My wife got a job in Portland and it starts very very soon.
I have lived in only two cities in my entire life, and only one as an adult. L.A. has been my home since before I lost my virginity, before I was old enough to drink, before so many things. I’m emotional about leaving, if only because every emotion I’ve ever experienced as a grownup, I’ve experienced here. I’ve lived here almost exactly as long as I lived in Iowa City, where I grew up. And soon I will be gone.
This isn’t just a new chapter in my life; it’s the end of Book II and the beginning of Book III. I don’t know what I’m going to do for work or where exactly we’re going to live or how this is going to affect my personal creative endeavors, such as they are; all I know is I love my wife and I love Portland and I have needed a change for way longer than I’ve been willing to admit I needed a change. Everything else is completely up in the air. It’s a classic crisi-tunity. An opportune-tastrophe. Fear and hope and excitement and openmindedness are all Indian-leg-wrestling inside my head right now.
I’m not leaving much behind in L.A.; for all my scrabbling and scrambling and clawing, I’ve barely made a dent on this town. I’m not leaving comedy behind, because I’m taking it with me; I’m not leaving a job I love, or a home I built with my own two hands, or the lady I’m in love with. I don’t have any development deals to fuck up, or agents who will miss me, or meetings that have to be cancelled, or auditions that I would have been perfect for. I don’t even have introductory improv classes to miss.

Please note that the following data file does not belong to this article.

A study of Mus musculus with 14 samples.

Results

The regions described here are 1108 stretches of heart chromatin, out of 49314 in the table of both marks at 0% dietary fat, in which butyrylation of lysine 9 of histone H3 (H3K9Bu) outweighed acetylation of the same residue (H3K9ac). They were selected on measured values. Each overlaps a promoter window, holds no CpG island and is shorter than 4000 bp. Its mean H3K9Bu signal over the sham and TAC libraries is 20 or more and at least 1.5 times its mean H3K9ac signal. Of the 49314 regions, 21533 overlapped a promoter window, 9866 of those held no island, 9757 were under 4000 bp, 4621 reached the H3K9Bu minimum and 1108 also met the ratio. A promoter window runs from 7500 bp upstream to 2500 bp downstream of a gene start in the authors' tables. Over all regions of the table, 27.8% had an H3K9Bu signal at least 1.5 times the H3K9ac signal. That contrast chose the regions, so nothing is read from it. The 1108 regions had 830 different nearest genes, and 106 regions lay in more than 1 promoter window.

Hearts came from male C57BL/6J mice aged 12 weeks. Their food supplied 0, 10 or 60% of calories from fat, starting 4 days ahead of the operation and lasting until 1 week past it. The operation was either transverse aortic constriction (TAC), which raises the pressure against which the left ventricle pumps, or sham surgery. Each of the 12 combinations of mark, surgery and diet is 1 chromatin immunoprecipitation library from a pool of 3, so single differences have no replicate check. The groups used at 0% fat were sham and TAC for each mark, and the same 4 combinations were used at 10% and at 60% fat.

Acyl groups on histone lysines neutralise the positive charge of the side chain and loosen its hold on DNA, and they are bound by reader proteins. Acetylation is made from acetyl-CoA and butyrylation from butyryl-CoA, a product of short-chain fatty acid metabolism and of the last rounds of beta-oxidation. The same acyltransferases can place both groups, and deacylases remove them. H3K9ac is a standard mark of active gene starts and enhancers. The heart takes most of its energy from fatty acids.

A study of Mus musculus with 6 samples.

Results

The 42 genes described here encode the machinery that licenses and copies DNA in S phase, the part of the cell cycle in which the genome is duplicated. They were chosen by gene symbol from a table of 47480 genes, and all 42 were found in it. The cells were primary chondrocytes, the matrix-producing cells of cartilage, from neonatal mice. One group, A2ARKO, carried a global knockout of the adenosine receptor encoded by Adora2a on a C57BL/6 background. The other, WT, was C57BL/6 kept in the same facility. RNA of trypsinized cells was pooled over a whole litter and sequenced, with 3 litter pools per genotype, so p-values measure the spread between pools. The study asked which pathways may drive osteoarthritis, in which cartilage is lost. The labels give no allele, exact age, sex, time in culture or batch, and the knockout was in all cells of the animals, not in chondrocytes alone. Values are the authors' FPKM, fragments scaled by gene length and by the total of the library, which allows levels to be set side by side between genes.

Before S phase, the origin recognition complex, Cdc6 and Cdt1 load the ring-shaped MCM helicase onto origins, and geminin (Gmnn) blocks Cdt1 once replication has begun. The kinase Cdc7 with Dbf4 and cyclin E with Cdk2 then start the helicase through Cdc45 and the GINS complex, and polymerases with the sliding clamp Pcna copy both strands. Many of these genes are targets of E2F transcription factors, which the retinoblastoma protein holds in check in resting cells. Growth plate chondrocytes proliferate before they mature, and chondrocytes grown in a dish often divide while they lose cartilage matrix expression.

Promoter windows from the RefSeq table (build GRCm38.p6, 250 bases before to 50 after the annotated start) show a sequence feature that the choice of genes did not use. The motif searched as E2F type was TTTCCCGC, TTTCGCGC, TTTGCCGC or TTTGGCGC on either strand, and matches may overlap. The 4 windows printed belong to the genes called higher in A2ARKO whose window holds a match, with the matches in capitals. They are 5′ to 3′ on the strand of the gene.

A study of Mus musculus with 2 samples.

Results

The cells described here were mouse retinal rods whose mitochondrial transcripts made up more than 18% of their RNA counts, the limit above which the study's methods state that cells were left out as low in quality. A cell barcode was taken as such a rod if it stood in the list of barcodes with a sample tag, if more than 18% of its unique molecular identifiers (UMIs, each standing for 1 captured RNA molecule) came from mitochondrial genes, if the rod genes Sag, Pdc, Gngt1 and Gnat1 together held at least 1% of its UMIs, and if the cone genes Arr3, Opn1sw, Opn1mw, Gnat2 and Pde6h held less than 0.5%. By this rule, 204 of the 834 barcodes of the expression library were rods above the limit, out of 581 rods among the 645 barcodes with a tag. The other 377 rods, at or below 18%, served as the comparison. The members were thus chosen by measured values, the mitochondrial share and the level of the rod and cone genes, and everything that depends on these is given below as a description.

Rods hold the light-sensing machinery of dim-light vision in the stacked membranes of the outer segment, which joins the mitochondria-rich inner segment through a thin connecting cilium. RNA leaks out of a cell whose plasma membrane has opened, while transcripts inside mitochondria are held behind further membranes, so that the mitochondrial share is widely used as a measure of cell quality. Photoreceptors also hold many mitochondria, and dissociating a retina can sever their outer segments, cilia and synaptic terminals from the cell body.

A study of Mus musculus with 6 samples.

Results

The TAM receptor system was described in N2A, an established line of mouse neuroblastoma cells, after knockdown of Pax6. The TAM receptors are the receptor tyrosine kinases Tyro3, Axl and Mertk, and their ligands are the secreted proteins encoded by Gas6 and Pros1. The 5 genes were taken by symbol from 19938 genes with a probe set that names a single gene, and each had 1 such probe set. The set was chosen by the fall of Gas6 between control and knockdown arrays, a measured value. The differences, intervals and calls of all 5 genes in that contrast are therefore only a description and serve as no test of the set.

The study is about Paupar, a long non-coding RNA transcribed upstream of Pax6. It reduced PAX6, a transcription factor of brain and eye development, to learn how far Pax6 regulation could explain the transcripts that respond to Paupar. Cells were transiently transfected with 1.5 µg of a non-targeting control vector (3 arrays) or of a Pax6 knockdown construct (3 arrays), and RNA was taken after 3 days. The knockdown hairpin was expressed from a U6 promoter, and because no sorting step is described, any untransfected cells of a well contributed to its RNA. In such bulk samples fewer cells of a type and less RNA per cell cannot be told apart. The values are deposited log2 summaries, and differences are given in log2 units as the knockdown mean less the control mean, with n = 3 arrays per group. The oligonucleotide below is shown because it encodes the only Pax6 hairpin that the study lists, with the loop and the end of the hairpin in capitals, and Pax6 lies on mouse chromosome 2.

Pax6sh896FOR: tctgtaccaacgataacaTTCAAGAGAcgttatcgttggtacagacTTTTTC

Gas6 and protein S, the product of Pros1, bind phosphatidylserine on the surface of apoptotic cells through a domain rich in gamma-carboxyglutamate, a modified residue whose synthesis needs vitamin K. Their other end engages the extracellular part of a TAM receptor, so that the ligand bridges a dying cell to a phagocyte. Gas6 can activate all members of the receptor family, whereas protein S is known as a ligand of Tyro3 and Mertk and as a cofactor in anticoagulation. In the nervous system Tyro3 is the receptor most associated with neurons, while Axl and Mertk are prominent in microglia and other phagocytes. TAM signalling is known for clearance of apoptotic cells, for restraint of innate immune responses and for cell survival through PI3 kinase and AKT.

But I am going to miss my friends. I’ve made so many friends in L.A., especially since I started doing standup. I’ll be able to talk to them all every day online, but it won’t be the same, but it could be worse. The last time I found myself in this situation, I was moving to California and worried about staying in touch with my high school buddies, and even the crappiest social-networking sites were five years away from being invented. Now I’ll be able to see what everybody’s having for every damn meal, and hear all the best jokes about whatever dumb thing Mitt Romney just did.
It won’t be a clean or heartless break; I’ll be in L.A. on and off for a couple of months, doing some work, saving some money, but before Halloween, I will be gone for real.
I have a really corny clichéd standing-on-a-cliff-overlooking-an-unexplored-magical-land feeling right now. It’s been a while. I hope the feeling sticks around.